Former Vichy Governor Pierre Laval – condemned to death, but hoping everyone would forget.
Click on the link here for Audio Player: News for October 10, 1945
News for this October 10th in 1945 was a mixed bag of winding-down from the War, labor disputes, the brewing trouble in the Middle-East, overthrows in Argentina, and condemned War criminals.
Starting with reports on suggested cutbacks to the Military, with a proposed scaling down of the Air Force to 10% of its current size in planes and personnel. The gradual phase-down of Army troop strength in Europe and the switching of personnel from an offensive force to an occupation force was being implemented.
On the domestic front – strikes were now plaguing the country with labor disputes springing up in the Steel industry.
Overseas – The Middle East was in the beginning of its decades-long turmoil, with riots breaking out in Tel-Aviv over Jewish refugees being held in Palestinian detention camps and British forces being brought in to quell the disturbances. In Argentina, a Military Junta successfully ended its coup with the removal of President Juan Peròn and a Military cabinet quickly formed. Convicted War Criminals Quisling former head of Nazi-occupied Norway and Pierre Laval, former head of the Nazi-backed Vichy Government in France, and both condemned to Death, were trying to appeal their sentences. Neither, it seemed, would be having much luck.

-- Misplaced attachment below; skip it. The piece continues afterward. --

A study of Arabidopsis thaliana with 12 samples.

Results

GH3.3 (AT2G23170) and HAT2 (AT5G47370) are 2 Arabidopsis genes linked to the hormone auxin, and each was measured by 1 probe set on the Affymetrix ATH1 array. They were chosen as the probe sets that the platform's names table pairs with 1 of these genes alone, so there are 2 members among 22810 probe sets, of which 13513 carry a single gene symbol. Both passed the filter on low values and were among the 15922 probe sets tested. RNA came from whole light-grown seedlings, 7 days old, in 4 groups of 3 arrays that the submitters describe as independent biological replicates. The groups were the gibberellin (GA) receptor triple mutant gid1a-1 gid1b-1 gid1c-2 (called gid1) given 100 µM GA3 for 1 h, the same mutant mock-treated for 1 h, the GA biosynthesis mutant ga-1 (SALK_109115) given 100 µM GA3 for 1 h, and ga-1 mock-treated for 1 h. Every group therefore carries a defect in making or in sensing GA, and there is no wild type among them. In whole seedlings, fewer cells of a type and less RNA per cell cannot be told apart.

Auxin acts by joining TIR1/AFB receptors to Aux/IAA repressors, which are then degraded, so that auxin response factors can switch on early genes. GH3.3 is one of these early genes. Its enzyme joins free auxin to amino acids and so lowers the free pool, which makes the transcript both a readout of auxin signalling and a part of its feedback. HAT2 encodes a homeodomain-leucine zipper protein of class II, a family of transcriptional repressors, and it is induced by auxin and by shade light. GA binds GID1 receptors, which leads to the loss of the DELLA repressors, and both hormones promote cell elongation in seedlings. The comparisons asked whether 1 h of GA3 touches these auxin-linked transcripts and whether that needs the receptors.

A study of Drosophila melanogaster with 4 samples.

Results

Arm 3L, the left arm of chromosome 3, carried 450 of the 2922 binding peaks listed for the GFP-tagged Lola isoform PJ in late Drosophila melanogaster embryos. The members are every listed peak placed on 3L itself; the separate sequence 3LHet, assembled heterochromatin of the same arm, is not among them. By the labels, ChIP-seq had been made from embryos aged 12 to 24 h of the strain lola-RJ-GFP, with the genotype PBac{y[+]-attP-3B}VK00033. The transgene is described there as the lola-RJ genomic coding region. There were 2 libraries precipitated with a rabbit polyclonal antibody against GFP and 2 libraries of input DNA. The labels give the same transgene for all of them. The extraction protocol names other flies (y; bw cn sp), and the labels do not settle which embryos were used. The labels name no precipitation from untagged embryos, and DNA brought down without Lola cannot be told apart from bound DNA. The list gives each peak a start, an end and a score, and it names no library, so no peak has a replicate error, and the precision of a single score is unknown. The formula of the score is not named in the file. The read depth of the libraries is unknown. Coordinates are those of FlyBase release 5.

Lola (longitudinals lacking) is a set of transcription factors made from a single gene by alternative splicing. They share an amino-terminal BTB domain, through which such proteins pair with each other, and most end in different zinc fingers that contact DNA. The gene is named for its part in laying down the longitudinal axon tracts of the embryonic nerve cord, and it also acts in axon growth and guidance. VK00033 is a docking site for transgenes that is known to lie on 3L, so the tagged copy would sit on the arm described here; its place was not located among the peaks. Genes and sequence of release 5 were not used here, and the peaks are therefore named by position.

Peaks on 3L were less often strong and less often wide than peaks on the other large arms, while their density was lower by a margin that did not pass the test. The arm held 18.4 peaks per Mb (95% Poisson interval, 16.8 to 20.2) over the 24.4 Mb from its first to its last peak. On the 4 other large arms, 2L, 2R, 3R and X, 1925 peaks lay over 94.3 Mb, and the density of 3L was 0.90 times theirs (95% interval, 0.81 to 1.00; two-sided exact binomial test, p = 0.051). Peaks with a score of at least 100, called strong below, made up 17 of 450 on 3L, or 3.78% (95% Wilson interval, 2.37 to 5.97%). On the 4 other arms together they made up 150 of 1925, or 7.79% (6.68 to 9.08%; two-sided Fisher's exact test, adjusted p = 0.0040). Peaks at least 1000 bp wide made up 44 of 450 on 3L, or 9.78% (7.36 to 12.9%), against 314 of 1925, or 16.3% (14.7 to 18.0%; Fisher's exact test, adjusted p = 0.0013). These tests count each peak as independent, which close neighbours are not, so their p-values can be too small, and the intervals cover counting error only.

All that, and a lot more via the News With Vandervender Program over WOR in New York on October 10, 1945
Fletcher Henderson – one of the most influential and creative minds in the early history of Jazz.
Click on the link here for Audio Player: Fletcher Henderson – Rocky Mountain Blues – 1927
Back to the 20’s tonight for a taste of Fletcher Henderson, one of the most influential band leaders and arrangers in the history of early Jazz – but few people knew about him. Henderson took Jazz to new levels and was one of the innovators of Swing, which became one of the most popular genres of the late 1930’s and 40’s. But in the 1920’s, Henderson was playing Jazz that was too advanced for most listeners and had created a band of professional musicians who played as a tight cohesive unit. Time would eventually catch up and Henderson was a much sought-after arranger for the likes of Benny Goodman. But largely his contributions were in the background, only to be discovered and celebrated after his death in 1952.
Tonight it’s one of the tracks he recorded with his own band in 1927. Rocky Mountain Blues was recorded in New York City on January 21, 1927 and gives some idea of just how tight the band was.
Jazz in the 1920’s was bit more complex than it would seem.